Rox new pitching coordinator gets to work

February 10th, 2021

DENVER -- Flint Wallace is in the early stages of adding his touch to the approaches of the Rockies’ Major League and Minor League pitchers -- in a socially distant manner, of course.

The Rockies hired Wallace, 46, as coordinator of pitching strategies. He was most recently player development director at the highly regarded Texas Baseball Ranch operation that works with players across all levels. Wallace replaces Steve Merriman, who recently accepted the pitching coach job at the University of Michigan -- his fourth stint on the Wolverines’ staff.

Wallace will split his time in the Majors and Minors. He’ll help Major League pitchers with strategic approaches. Throughout the system, Wallace is in charge of developing individualized programs that include not only strategy and mechanics, but training and preparation.

The COVID-19 pandemic presents an immediate challenge. In a normal offseason, Wallace and many staff members would already be hosting sessions in the Rockies’ "pitching lab" -- mounds at the Spring Training complex that are equipped with the latest technology to produce detailed data in real time.

“I’m extremely excited to be working with the Rockies -- a fantastic organization, and everybody I’ve dealt with has been first-class, from the GM to the players,” Wallace said Tuesday. “I’ve been getting in touch and getting to know all the coaches, and touching base with players through Zoom calls, putting faces with the names.”

Wallace’s hiring continues a process that the Rockies began quietly in the Minors, then accelerated last season with the promotion of Merriman to a position that combined coaching and the use of the advanced tools. Despite the 26-34 record, advanced numbers showed clear improvement by starting pitchers.

Lefty ’s increased use of his changeup (12.5% in 2019, 25.3% in ’20, per Statcast) was a major factor in him increasing his ERA+ from 77 to 122 (100 is considered MLB average). MLB Quality of Pitch also shows that Freeland’s change and curve each went from below average to above.

According to MLB Quality of Pitch, the quality of righty ’s changeup went from the bottom 36% among Major League pitchers in 2019 to the top 18% in ’20. Senzatela’s changeup location went from the bottom 34% to the top 5%. And Senzatela lowered his ERA from 6.71 in ’19 to 3.44 in ’20.

Right-hander , who posted a 3.75 ERA and a 140 ERA+, tried to reverse a reluctance to throw elevated fastballs to the arm side as the year progressed. The Rockies believe that area -- especially up and in against right-handed batters -- could increase the pitches that are most effective: fastballs and sliders to the glove side.


Wallace, who with other instructors at the Texas Baseball Ranch helped develop and interpret some of the data science that is ubiquitous in the game today, said of the Rockies’ data operation: “The ground floor has been laid -- even taller than the ground floor.”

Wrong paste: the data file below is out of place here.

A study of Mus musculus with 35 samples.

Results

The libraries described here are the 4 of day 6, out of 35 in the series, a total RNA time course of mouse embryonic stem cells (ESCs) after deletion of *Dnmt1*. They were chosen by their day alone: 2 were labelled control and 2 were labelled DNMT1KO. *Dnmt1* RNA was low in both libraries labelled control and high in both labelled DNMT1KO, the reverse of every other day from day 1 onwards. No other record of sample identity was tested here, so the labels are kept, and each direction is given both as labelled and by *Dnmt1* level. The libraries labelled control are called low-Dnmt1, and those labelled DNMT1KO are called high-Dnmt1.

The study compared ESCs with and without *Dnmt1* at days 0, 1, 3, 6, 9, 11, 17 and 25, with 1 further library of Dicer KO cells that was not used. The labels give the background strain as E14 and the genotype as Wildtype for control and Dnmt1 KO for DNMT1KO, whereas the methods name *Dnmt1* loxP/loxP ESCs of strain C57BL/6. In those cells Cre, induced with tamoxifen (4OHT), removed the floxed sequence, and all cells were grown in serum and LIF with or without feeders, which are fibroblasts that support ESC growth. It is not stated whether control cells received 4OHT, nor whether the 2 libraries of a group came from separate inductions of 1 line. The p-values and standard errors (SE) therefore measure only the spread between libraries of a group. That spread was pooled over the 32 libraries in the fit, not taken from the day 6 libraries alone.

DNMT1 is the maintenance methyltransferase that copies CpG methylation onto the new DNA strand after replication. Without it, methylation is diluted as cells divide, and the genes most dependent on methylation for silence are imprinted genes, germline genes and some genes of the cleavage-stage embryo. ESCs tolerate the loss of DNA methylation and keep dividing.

They’ll try to turn that information into 2021 production.

Just as big for Wallace will be developing the pitcher, each with his own needs and benchmarks. Two of the top 10 Rockies prospects, according to MLB Pipeline, are pitchers -- 2018 top pick Ryan Rolison (No. 2) and 2020 second-rounder Chris McMahon (No. 8). The Rockies believe in the talent level of pitchers not receiving industry buzz, such as lefty Helcris Olivarez (No. 16), who was placed on the 40-man roster this year.

Wallace, who pitched in the Athletics organization from 1996-98 and for independent Fort Worth in 2001, comes with high marks for being able to make details digestible.

“He can really explain the science of pitching in a real way that has pretty profound impact on pitchers and other pitching coaches,” said Zach Wilson, the Rockies’ assistant general manager of player development. “When you combine his personality, his experience and his base of knowledge, he made a perfect fit for us.”

As head coach at Weatherford (Texas) High School from 1999-2006, he coached Yankees reliever Zack Britton and former Padres and Blue Jays pitcher Colt Hynes, now the Dodgers’ rehab coordinator. As pitching coach at Weatherford College from 2008-14, Wallace worked with current Reds righty Tejay Antone. Wallace also worked with Barry Zito, who trained at Texas Baseball Ranch while making his 2015 comeback with Oakland.

Wallace also honed his instruction skills at Velocity Plus Baseball, a training center he owned and operated in 2007-08, and at the Texas Baseball Ranch.

“I’ve worked with everyone from guys in Little League to guys in the big leagues, so you develop your coaching style to meet the player where he is -- different levels for every players,” Wallace said.

“This role requires a total understanding of pitching,” Rockies manager Bud Black said. “With that, it’s the physical preparation, the mental preparation, the ability to communicate and understand individual pitchers. He’s just so well-rounded.”